Many IDPs are understood to be facing various degrees of trauma from their experiences during the insurgent attacks
Ayuba made the call in an interview with the News Agency of Nigeria (NAN) on Monday.
She said many IDPs were facing various degrees of trauma from their experiences during the insurgent attacks in the North East.
Ayuba said that she often saw some persons in the camp, especially women, speaking incoherently, adding that sometimes some persons take off running even when they were not being pursued.
She noted that this behaviour may have been as a result of the trauma these people experienced during the attacks as some of them lost their husbands, wives, children and relatives.
“If a psychiatrist comes to check us, I am sure that he or she will find most of us to be unwell; some people cannot even sleep at night.
“Just a few days ago, a woman died while giving birth here in the camp; she did not get the medical assistance she needed; she bled a lot and spoke incoherently a lot.
“I know that this woman lost her husband and she was left to fend for all the children which is not an easy thing to do. Sometimes she will just enter the road and be speaking like she has a mental problem.
“Some of the women act in a very unstable manner; they talk to themselves. Some will just start running away when no one is pursuing them.
“Anyone who sees this will think that they have ‘juju’, but I do not think that is the case. I think it is the trauma they got from the insurgent attacks and the death of their family members.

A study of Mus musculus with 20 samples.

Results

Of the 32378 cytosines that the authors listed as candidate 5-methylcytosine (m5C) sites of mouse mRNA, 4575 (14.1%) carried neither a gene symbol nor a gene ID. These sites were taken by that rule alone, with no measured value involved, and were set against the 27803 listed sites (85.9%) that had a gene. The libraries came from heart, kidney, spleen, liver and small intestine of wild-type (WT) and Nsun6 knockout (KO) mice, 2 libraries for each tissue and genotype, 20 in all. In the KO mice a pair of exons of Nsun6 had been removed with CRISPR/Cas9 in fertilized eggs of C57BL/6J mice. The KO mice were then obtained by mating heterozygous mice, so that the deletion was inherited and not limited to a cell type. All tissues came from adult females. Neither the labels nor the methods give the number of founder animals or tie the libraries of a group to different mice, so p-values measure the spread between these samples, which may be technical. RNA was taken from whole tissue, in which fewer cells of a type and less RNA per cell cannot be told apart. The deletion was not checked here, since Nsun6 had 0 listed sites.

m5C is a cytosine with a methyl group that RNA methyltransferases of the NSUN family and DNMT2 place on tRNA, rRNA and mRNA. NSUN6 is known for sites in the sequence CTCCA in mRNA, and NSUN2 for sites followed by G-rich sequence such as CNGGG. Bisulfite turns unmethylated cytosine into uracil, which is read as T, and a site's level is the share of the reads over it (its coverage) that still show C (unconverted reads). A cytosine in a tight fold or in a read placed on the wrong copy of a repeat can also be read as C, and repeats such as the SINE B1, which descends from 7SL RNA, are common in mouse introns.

“Most of the organisations and agencies of government that have come to assist us focus mainly on our physical health and look out for signs of malaria, diarrhoea, cough and so on.
“We are yet to see anyone who will come to check and monitor our mental state and we need this; it is very important because of the trauma from the events that happened,” Ayuba said.
She said that there was presently a stereotype on mental disorder as a lot of people shied away from being associated with the condition even when they clearly need assistance.
Ayuba, who said they were about 2,263 persons in the camp presently excluding children and new born babies, raised concern over the poor condition in which they lived.
According to her, some of the women living in the camp have as many as nine children and they have to squeeze themselves in a small space to sleep.
“We have tried to make accommodation for ourselves using sack bags, some also use nylon to protect themselves from the rain but this has not helped as the rain still gets in and the camp is flooded whenever it rains.
“There is no toilet in the camp and a place for us to bath. Since food was distributed to the women during the fasting period, none has been given yet,” she said.
Ayuba said she had been in the camp for four years now after she lost her husband and a missionary took her to a hospital in the FCT to nurture her son who was injured in a bomb blast.
She said that since her discharge from the hospital after her son’s death, she has been selling food to make earns meet with the financial token given to her by a Good Samaritan.